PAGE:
Dustin Pedroia, David Ortiz

2014 Preview: Boston Red Sox


The Big Question: Have the Red Sox taken the steps necessary to avoid a post-championship decline?

No team has repeated as World Series champions since the Yankees won three straight from 1998-2000. The Red Sox, though, didn’t suffer from any championship hangovers their last two times around, winning 95 games and returning to the postseason in both 2005 and 2008.

The Red Sox didn’t desire to partake in any sort of shakeup over the winter; they just weren’t willing to outbid the Yankees for Jacoby Ellsbury or commit to substantial multiyear deals for fellow free agents Stephen Drew and Jarrod Saltalamacchia. Replacing the trio will be either rookie Jackie Bradley Jr. or former superstar Grady Sizemore in center field, phenom Xander Bogaerts at shortstop and the much beloved A.J. Pierzynski behind the plate. Interestingly, the team’s only newcomer to get a multiyear deal was new setup man Edward Mujica (two years, $9.5 million).

The pitching staff has survived almost entirely intact, with the rotation set to include Jon Lester, Clay Buchholz, John Lackey, Jake Peavy and Felix Doubront. The surprising exit of Ryan Dempster turned heads — he gave up $13 million to spend the year with his family — but he was being viewed as a middle reliever or swingman. Replacing him in that role is left-hander Chris Capuano.

So, the Red Sox are counting on their returning stars and a gradual infusion of young talent to stave off any decline. Boasting one of the game’s very best farm systems makes that an easier choice, and if it turns out that they do need help as the season goes along, they’ll have about as much artillery to pull off a trade as any team in the league.

What else is going on?

  • The Bradley-Sizemore battle in center remains unsettled, and complicating matters is that there’s only room for one on the roster. Sizemore has shown surprising speed as he comes back from multiple knee surgeries and he’s also been making decent contact at the plate, but a month in the minors might not be a bad idea for him as he tries to shake two years of rust.
  • Working in Sizemore’s favor is that the Red Sox see him as a possibility to replace Ellsbury in the leadoff spot, whereas Bradley would hit at the bottom of the order if he wins the job. There was some thought over the winter of simply moving everyone up a spot and going with a Shane Victorino-Dustin Pedroia-David Ortiz top three with Ellsbury gone. However, that idea seems dead now, and it looks like Daniel Nava will lead off against righties if Bradley makes the team.
  • Victorino hasn’t ruled out switch-hitting entirely, but it appears he’ll focus on batting right-handed for now. It made him more of a threat against righties last year when an injury forced him to give up batting left-handed for a time, and he’s always been weaker left-handed anyway. Batting right-handed exclusively could lead to bigger numbers this year. On the other hand, it could also lead to more injuries, since he stands directly over the plate hitting right-handed and gets hit by pitches with ridiculous frequency.
  • So far, however, the injury bug that has racked fellow contenders in Texas and Detroit, as well as left Oakland minus a couple of starters, has avoided Boston. Those losses the Rangers, Tigers and A’s have suffered may not affect the AL East race, but they will help the Red Sox’s postseason chances by increasing the odds that one or both wild cards will come from their division.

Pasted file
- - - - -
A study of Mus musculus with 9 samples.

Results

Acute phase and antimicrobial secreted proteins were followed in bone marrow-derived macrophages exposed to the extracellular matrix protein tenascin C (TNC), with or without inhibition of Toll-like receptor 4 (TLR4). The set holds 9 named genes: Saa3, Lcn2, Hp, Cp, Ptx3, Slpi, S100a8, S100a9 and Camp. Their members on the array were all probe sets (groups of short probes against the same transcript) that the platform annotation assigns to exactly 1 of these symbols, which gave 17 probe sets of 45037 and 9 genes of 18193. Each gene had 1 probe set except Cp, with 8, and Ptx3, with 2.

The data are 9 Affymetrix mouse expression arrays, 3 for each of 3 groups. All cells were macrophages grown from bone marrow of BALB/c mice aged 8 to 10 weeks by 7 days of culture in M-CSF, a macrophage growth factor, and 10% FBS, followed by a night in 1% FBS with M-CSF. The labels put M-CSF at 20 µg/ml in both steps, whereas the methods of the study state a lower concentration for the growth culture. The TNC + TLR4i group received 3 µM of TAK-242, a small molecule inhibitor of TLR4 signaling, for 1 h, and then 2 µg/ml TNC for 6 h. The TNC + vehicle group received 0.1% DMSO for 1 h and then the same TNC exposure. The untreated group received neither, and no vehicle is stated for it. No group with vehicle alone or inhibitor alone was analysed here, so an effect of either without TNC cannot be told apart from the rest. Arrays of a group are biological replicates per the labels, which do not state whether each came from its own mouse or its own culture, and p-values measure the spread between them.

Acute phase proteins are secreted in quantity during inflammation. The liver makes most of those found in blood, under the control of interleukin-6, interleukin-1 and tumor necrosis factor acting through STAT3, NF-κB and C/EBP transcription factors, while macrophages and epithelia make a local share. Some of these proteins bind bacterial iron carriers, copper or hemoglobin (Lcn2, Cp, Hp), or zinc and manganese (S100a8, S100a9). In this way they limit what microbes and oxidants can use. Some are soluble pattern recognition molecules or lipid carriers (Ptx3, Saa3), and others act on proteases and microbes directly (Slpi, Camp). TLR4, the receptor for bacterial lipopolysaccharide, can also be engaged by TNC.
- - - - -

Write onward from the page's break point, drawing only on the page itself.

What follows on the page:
Prediction: If spring training numbers are any indication, it’s going to take some time for the Red Sox lineup to start clicking. Still, the bats are there to make the team a top-three offense in the AL, and the pitching staff has both top-level talent and excellent depth. The Red Sox’s decision to largely stand pat could cost them a few wins and perhaps the AL East, but the team should return to the postseason in some form.

Second place, American League East.

Report: Cubs have offered prospect Gleyber Torres to the Yankees for Aroldis Chapman

NEW YORK, NY - JULY 17:  Aroldis Chapman #54 of the New York Yankees delivers a pitch in the ninth inning against the Boston Red Sox at Yankee Stadium on July 17, 2016 in the Bronx borough of New York City.  (Photo by Elsa/Getty Images)

We learned earlier on Sunday that the Yankees were working hard to trade Chapman, reportedly in contact with at least four teams. The Cubs were not believed to be the front runners but certainly upped the ante by offering Torres.

Torres, 19, is rated the Cubs’ #1 prospect and #24 overall in baseball by MLB Pipeline. The shortstop has spent the season with Single-A Myrtle Beach, batting .275/.359/.433 with nine home runs, 47 RBI, 62 runs scored, and 19 stolen bases in 409 plate appearances.

Torres is currently roadblocked at shortstop by Addison Russell, and 21-year-old Ian Happ is rated #3 in the Cubs’ system, so the club would be dealing from surplus.

Blue Jays designate Drew Storen for assignment

TORONTO, CANADA - MAY 29: Drew Storen #45 of the Toronto Blue Jays delivers a pitch in the eleventh inning during MLB game action against the Boston Red Sox on May 29, 2016 at Rogers Centre in Toronto, Ontario, Canada. (Photo by Tom Szczerbowski/Getty Images)

Storen, 28, had a nightmare of a time with the Jays, leaving with a 6.21 ERA and a 32/10 K/BB ratio over 33 1/3 innings. The Jays acquired him in January from the Nationals in exchange for outfielder Ben Revere and a player to be named later.

Storen is owed the remainder of his $8.375 million salary, which makes it likelier that the right-hander will pass through waivers unclaimed. He’ll be eligible for free agency after the season.